Business

Amid banking worries, N.C. banks are strong

Posted July 15, 2008 7:58 p.m. EDT
Updated July 15, 2008 11:33 p.m. EDT

In the nearly steady stream of bad news about banks, many consumers are likely wondering if any bank is safe.

Financial institutions of all sizes are facing problems with souring debt in a weak economy, even if they haven't been hit hard like Wachovia Corp., or like IndyMac Bank F.S.B., which the government took over Friday.

Even so, earnings reports and an analyst's assessment of Wachovia on Tuesday showed that financial companies are still suffering credit losses – and portended more bad news as more banks' second-quarter results come out.

"I would not anticipate that any of North Carolina's institutions are really at the worst end of what's going on, but that's speculation," said Paul Stock, executive vice president of the North Carolina Bankers Association.

The association says that although individual institutions might struggle, the state's banking system is strong and will remain strong.

"I think the message is, one, not to panic; and two, the banking industry is exceptionally strong in North Carolina," Stock said.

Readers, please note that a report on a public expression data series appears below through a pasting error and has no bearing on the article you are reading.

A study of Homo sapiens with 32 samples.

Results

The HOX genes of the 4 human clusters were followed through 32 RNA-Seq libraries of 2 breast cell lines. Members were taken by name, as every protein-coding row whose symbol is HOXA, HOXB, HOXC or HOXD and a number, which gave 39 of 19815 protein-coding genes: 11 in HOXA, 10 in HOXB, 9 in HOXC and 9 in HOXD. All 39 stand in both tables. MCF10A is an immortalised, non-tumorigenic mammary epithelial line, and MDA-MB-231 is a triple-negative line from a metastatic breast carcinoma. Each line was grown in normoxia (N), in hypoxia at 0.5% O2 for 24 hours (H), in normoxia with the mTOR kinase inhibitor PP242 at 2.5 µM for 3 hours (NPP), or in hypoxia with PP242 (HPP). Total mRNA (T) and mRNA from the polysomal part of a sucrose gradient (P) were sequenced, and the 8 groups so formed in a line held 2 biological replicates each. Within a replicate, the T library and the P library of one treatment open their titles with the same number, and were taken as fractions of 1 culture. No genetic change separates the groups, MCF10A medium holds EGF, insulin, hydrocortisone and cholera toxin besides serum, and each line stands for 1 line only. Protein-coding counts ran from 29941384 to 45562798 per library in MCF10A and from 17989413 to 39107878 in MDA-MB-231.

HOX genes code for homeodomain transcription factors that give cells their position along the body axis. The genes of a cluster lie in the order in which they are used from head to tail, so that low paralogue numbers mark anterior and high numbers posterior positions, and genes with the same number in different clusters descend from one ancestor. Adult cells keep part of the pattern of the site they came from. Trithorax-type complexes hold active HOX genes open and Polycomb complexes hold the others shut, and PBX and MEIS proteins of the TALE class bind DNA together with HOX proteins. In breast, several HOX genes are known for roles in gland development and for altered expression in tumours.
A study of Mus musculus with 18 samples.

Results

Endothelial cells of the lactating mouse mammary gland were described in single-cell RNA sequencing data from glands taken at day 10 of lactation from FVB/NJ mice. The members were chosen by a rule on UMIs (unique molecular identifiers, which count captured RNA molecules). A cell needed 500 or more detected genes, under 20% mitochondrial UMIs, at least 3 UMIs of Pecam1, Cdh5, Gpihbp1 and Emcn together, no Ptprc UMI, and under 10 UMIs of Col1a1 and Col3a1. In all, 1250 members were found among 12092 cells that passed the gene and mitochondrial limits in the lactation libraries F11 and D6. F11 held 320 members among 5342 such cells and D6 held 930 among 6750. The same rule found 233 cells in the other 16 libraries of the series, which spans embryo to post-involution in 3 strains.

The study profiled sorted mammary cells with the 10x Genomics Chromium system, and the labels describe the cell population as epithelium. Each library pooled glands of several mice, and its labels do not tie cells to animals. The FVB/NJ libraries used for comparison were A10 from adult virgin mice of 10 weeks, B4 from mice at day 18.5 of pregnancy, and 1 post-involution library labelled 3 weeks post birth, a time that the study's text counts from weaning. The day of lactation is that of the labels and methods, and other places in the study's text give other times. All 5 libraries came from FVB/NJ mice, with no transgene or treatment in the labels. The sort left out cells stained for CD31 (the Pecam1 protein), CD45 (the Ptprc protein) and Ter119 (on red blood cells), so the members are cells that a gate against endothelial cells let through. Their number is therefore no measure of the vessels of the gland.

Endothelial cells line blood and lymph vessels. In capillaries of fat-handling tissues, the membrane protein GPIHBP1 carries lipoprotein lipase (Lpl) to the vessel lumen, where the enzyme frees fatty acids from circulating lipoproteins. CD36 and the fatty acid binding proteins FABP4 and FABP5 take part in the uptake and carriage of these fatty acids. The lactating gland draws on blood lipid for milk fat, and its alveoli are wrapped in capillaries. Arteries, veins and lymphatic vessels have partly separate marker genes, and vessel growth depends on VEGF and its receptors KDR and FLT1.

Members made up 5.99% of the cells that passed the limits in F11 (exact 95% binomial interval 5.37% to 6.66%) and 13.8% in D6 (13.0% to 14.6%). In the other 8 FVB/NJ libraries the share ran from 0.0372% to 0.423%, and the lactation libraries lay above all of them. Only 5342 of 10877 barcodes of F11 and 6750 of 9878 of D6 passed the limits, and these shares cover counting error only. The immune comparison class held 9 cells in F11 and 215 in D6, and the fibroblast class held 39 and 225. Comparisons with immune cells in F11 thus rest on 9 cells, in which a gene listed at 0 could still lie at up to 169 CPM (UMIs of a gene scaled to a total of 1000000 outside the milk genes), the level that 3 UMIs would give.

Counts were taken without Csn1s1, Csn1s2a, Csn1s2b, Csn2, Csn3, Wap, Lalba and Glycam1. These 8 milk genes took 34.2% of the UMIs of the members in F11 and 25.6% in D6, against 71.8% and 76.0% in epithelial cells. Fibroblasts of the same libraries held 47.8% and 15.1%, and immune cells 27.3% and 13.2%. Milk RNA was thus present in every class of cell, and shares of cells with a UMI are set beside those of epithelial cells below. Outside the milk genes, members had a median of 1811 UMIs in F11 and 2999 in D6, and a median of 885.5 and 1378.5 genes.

The Federal Deposit Insurance Corp. insures consumers’ deposits up to $100,000 per depositor per bank and up to $250,000 for retirement accounts, the Bankers Association said.

Across the nation, analysts say they don't see consumers fleeing en masse from their current banks in search of safety elsewhere. IndyMac customers were lining up for their money despite government assurances it was safe, but so far, that seems to be an isolated case.

"Yes, there was a bank failure. Yes, there [were] a lot of people wanting to get their money. But I don't think there is any sort of distrust in our banking system," said Keefe Bruyette & Woods analyst Jefferson Harralson. "Some banks, as it is right now, are just more risky than others."

Bart Narter, senior analyst at Celent, a Boston-based financial research and consulting firm said, "If people pull out their money [from] one bank, they will put it in another bank."

"The FDIC works," Narter said. "I think that consumers can rest easy that their deposits are insured."